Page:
Charity in Focus: Humbercare

Published: Wednesday 3rd January 2018 by Courtney Farrow


Can you tell us a bit about Humbercare?

Yes, of course. Humbercare builds links with partnership agencies, local communities and other charities to provide the highest standards of support.

Humbercare works in partnership with many voluntary and not-for-profit organisations as well as the following local authorities: Kingston upon Hull, East Riding of Yorkshire, North Lincolnshire, North East Lincolnshire and other statutory agencies.

Our areas of focus include rehabilitation and resettlement, mentoring, peer mentoring and volunteer befriending services, advice, information and guidance, education, employment and training, housing-related support, client involvement, supported lodgings services, positive use of time and integration into the wider community.

What makes Humbercare different from other charities?

We believe that social inclusion is key to successful reintegration into society. We work to implement support centred on the individual needs of our service users by working in partnership with other relevant services, and facilitate drop-in sessions, training and advice with substance misuse services, sexual health, faith groups and resettlement groups.

We also organise many user involvement groups for different interests, including arts and crafts, cooking, music and film. We host regular resident meetings to ensure that their opinions are valued and suggestions acted upon. The service aims to work with its users on their personal challenges, eventually resulting in them being confident and capable of living independently in the community.

Are there any projects or campaigns you’re currently working on?

The Futures service is quite key at the moment. It is operated in two buildings with approximately 80 service users at any one time. Westbourne House provides temporary accommodation to 55 of these service users – the criteria for which is that the individual has been homeless immediately prior to arrival. Westbourne House is a direct access service, although referrals for a more coordinated approach can be taken from the local authority, mental health services, probation and prisons.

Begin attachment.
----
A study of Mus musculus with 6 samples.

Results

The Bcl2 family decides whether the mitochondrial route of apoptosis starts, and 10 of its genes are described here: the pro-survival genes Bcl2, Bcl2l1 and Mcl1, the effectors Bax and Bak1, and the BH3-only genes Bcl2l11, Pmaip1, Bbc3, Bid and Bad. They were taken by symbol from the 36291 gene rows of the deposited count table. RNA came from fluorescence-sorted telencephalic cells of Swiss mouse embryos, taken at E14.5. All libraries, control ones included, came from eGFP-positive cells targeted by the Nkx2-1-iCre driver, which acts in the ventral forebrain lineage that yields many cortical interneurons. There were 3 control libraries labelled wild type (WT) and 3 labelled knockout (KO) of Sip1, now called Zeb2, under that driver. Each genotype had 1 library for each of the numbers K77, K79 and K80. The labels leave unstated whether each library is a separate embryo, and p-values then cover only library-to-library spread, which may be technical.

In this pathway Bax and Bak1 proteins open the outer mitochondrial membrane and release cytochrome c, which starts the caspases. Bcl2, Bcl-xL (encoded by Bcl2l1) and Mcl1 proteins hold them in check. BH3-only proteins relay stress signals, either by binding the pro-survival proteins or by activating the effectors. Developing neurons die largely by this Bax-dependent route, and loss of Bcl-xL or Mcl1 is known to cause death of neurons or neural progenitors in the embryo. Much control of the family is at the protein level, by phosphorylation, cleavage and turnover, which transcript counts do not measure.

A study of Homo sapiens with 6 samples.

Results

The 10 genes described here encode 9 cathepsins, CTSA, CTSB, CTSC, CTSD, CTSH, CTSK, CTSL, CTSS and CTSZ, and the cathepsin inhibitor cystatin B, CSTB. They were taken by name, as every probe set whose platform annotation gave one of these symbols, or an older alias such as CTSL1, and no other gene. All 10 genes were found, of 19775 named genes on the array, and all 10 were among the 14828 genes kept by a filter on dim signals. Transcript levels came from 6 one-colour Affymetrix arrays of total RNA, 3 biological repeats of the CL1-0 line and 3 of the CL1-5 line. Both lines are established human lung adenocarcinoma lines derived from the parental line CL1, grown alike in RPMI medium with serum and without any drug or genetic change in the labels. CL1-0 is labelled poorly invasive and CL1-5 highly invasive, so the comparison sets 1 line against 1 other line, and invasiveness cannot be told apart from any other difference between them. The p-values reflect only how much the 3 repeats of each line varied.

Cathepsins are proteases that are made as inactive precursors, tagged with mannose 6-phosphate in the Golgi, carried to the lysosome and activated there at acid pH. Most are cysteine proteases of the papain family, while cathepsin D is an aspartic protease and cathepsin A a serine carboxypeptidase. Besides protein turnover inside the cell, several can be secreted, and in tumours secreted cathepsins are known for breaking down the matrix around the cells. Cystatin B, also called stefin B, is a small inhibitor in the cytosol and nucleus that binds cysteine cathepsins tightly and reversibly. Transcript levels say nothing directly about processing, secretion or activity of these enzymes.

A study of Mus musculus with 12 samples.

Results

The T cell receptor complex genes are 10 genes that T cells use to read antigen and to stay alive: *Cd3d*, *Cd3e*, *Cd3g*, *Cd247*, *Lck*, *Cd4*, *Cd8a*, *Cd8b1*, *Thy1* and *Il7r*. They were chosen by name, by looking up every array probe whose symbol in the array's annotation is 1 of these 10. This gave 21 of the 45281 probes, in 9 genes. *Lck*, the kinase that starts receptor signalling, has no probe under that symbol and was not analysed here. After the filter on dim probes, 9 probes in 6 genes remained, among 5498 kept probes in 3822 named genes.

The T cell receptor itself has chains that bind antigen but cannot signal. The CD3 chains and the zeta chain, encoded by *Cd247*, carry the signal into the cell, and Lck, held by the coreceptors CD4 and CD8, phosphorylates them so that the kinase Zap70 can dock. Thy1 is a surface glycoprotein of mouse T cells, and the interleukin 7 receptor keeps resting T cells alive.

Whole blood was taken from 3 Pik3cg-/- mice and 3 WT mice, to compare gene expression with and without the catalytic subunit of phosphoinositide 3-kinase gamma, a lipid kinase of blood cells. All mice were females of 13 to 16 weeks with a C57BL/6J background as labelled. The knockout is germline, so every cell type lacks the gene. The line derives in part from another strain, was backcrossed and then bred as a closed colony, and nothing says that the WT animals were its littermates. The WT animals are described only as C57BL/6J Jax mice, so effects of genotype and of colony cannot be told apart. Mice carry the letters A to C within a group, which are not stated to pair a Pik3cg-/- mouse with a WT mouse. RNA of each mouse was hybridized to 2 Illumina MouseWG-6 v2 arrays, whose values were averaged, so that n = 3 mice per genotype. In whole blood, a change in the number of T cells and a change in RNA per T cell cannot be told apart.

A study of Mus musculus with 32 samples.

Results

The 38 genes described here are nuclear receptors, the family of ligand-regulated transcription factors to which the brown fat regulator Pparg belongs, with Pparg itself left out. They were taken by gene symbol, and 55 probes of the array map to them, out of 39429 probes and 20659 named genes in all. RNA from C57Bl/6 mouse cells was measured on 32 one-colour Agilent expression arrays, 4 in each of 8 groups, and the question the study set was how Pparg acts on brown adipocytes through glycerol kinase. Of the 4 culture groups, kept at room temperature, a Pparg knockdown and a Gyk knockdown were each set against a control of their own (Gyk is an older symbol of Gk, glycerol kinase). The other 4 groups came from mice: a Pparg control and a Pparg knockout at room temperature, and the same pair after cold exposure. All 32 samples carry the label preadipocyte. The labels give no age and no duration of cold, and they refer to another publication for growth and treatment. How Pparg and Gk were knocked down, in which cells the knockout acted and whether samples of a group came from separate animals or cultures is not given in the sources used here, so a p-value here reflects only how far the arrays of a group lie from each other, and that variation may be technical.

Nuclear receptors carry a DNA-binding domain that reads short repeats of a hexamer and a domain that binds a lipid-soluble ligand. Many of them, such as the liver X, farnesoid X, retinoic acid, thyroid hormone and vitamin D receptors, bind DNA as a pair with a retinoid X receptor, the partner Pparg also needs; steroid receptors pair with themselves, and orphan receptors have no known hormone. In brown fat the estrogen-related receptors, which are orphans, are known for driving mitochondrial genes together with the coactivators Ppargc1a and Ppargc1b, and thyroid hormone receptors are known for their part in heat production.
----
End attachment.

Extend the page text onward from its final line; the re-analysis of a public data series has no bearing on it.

The Futures Centre of Assessment and Emergency Accommodation (CAEA) began in March 2014 as a six-month provision for rough sleepers in the city and was then funded for a further three and a half years. Still a reasonably new service, we have seen over 800 individuals pass through the centre, with positive outcomes for over 90% of them.

That’s brilliant. So who does Humbercare mostly benefit?

Our client group is classed as hard-to-house individuals who have led previously chaotic lives, including those with offending histories, domestic violence, substance and alcohol misuse and mental health issues, some of whom are street attached and have faced exclusion in many areas.

I think our service is unique because we work to remove the barriers faced by the client group and promote inclusion. For this reason, we do not have criteria for our service users. Many of them are excluded permanently from other support and accommodation providers. We do not exclude anyone from the service, which leads to us building important relationships with hard-to-reach clients.

How can people support Humbercare?

Individuals are able to volunteer their time, donations and resources and only have to contact the Head Office in Hull for further details.

We are an enabling organisation, dedicated to providing quality and innovative services to adults and young people. We believe that all people should have the opportunity to realise their full potential, improve skills, optimise their life chances and become responsible members of our communities.

Find out more about Humbercare and get involved today.